Listen in everyone — the conversation has changed.
The last time a British Prime Minister hosted a G8 Summit, he was faced with clear-cut demands and a lot of noise. The week before Tony Blair convened world leaders in Gleneagles in 2005, co-ordinated Live 8 concerts around the world were broadcast on 182 television networks and 2,000 radio networks. The culmination of the Make Poverty History campaign, the concerts demanded specific action on aid and debt cancellation. The G8 listened and acted.
Yet for all its strategic success and creative genius, the Make Poverty History campaign was largely an exercise in the West talking to itself about Africa (and to achieve its aims, it didn’t need to be much else). Fronted by Western celebrities, mobilised by Western NGOs and backed by Western development economists, there were few African voices being heard and few African arguments being made.
Just one full G8 cycle later, the conversation about African development has changed, and changed forever.
Since Gleneagles, the most arresting contributions to the development debate have not been made by rock stars and campaigners, but by African economists – most electrifyingly by Dambisa Moyo, the Zambian author of Dead Aid, and most recently by Lamido Sanusi, the Nigerian central bank governor, warning Africans “to wake up to the realities of their romance with China”.
If you are looking for really radical thinking for improving Africa, then the best creative energy is found on the continent. A new wave of African business leaders is putting big money into bold initiatives. Mo Ibrahim, the Sudanese telecoms entrepreneur, has instituted the world’s largest individual award for leaders who have demonstrated excellence in office; Tony Elumelu, the Nigerian banker, has established a major new foundation to promote entrepreneurship and business leadership; Aliko Dangote, the Nigerian industrialist, is ploughing eight billion dollars into a new oil refinery which will double the country’s refining capacity – with major knock-ons for the region’s economy.
Even Africa’s public sector – hardly a traditional crucible of innovation – is seeing dramatic change in places. In Rwanda it is now possible to set up a business online in six hours; to get a visa online within 72 hours.
Improved efficiency in government is being driven by better thinking, not in Washington and Brussels, but in African capitals – African think tanks have seen an increase in their numbers by over 30% in just five years. (This publication includes some fascinating future-gazing by one of Africa’s top think tank leaders, KY Amoako.)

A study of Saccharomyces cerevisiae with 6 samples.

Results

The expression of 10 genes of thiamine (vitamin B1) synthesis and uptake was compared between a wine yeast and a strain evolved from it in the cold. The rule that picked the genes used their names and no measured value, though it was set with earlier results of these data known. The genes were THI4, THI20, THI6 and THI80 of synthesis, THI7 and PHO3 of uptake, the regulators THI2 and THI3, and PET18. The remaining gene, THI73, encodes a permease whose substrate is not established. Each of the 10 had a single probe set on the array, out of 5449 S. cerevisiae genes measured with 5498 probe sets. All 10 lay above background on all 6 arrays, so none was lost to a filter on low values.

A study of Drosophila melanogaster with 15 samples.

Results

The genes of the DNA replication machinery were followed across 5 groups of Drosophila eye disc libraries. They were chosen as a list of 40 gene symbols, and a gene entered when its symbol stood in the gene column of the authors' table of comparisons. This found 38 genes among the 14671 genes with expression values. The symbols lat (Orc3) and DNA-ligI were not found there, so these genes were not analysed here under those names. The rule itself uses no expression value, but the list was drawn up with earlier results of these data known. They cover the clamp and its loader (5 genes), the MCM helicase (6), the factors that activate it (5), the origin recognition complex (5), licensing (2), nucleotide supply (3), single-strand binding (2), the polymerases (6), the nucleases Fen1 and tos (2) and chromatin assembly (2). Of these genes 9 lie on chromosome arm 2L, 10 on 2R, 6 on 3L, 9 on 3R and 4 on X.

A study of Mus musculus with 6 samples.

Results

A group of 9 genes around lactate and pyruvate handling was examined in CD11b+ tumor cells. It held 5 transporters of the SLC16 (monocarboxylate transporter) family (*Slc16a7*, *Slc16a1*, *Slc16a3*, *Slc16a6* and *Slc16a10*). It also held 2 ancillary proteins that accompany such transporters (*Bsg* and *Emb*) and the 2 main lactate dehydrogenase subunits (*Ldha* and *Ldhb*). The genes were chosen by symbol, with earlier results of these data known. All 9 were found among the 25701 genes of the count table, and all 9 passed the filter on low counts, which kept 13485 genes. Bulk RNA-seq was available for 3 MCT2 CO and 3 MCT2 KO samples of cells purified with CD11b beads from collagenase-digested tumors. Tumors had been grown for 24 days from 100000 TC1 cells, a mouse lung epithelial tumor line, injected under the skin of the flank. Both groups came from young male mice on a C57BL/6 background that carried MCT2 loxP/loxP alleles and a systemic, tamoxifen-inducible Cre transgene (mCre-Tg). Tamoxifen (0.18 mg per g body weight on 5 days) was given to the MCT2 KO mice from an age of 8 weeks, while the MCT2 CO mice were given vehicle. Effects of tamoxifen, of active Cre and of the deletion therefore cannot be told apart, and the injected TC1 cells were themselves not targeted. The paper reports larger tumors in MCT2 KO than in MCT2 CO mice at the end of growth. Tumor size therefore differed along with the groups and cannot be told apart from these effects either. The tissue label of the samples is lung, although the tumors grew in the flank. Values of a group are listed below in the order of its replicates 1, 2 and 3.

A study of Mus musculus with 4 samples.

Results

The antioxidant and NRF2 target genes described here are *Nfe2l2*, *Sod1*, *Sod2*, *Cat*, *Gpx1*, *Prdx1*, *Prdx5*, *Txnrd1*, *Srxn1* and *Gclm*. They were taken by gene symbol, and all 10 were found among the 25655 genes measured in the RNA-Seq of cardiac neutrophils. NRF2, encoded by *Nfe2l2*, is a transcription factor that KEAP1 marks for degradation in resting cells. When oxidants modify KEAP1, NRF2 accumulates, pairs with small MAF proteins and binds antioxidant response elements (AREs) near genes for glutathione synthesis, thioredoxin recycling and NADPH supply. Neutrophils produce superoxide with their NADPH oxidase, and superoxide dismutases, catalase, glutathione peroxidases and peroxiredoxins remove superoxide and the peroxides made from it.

And something you won’t hear from Western NGOs is that African civil society can be effective at responding to its own emergencies. “Kenyans for Kenya” was launched in response to the drought in the Horn of Africa in 2011. It raised over five million dollars in four weeks, including 200,000 dollars in the first 12 hours through mobile phone banking.
So there is a lot going on in Africa, and this in itself should be enough to change the nature and tone of the conversation about development on the continent. But there is another force at work here too: the rapid transformation of the media in Africa.
In January last year we conducted the biggest study of Twitter in Africa ever undertaken. We demonstrated how widespread Twitter had become across the continent (and Portland’s Mary Mzumara talks more about the growth of social media in this publication). And it’s not just new media that’s growing; it’s traditional media too. Alan Rusbridger, the editor of The Guardian, told a Portland dinner recently that Africa is one of the few regions of the world where all parts of the media are flourishing.
The growth of Africa’s media has created new platforms for African news and opinion and, most critically, new patterns of connectivity across the world. With it has spawned a new level of sophistication in running communications campaigns on the continent (as Kenya’s award-winning journalist, Murithi Mutiga, describes in these pages).
So when a few years ago we bemoaned the reduction of foreign correspondents filing for newspapers in London and New York, it doesn’t seem to matter so much now. African leaders, civil society representatives and journalists are tweeting at Western news desks (and many, many others) instead. When CNN broadcast a laughably concocted story about a Kenyan militia training for violence before the general election, there was a social media firestorm from outraged Kenyans under the hashtag “#SomeoneTellCNN”. Bad Western journalism conforming to pre-prepared scripts is being challenged on the ground. Even more importantly, people around the world can get their fix of African news without the filter of the Western news media at all.
It is very likely that we will never see a campaign like Make Poverty History again – not because poverty will have been eradicated, or because we will never match the number of people who felt compelled to take part, but because the debate about Africa is being led from Africa. The conversation has changed, and this publication aims to give a just few insights into the new conversation that is taking place.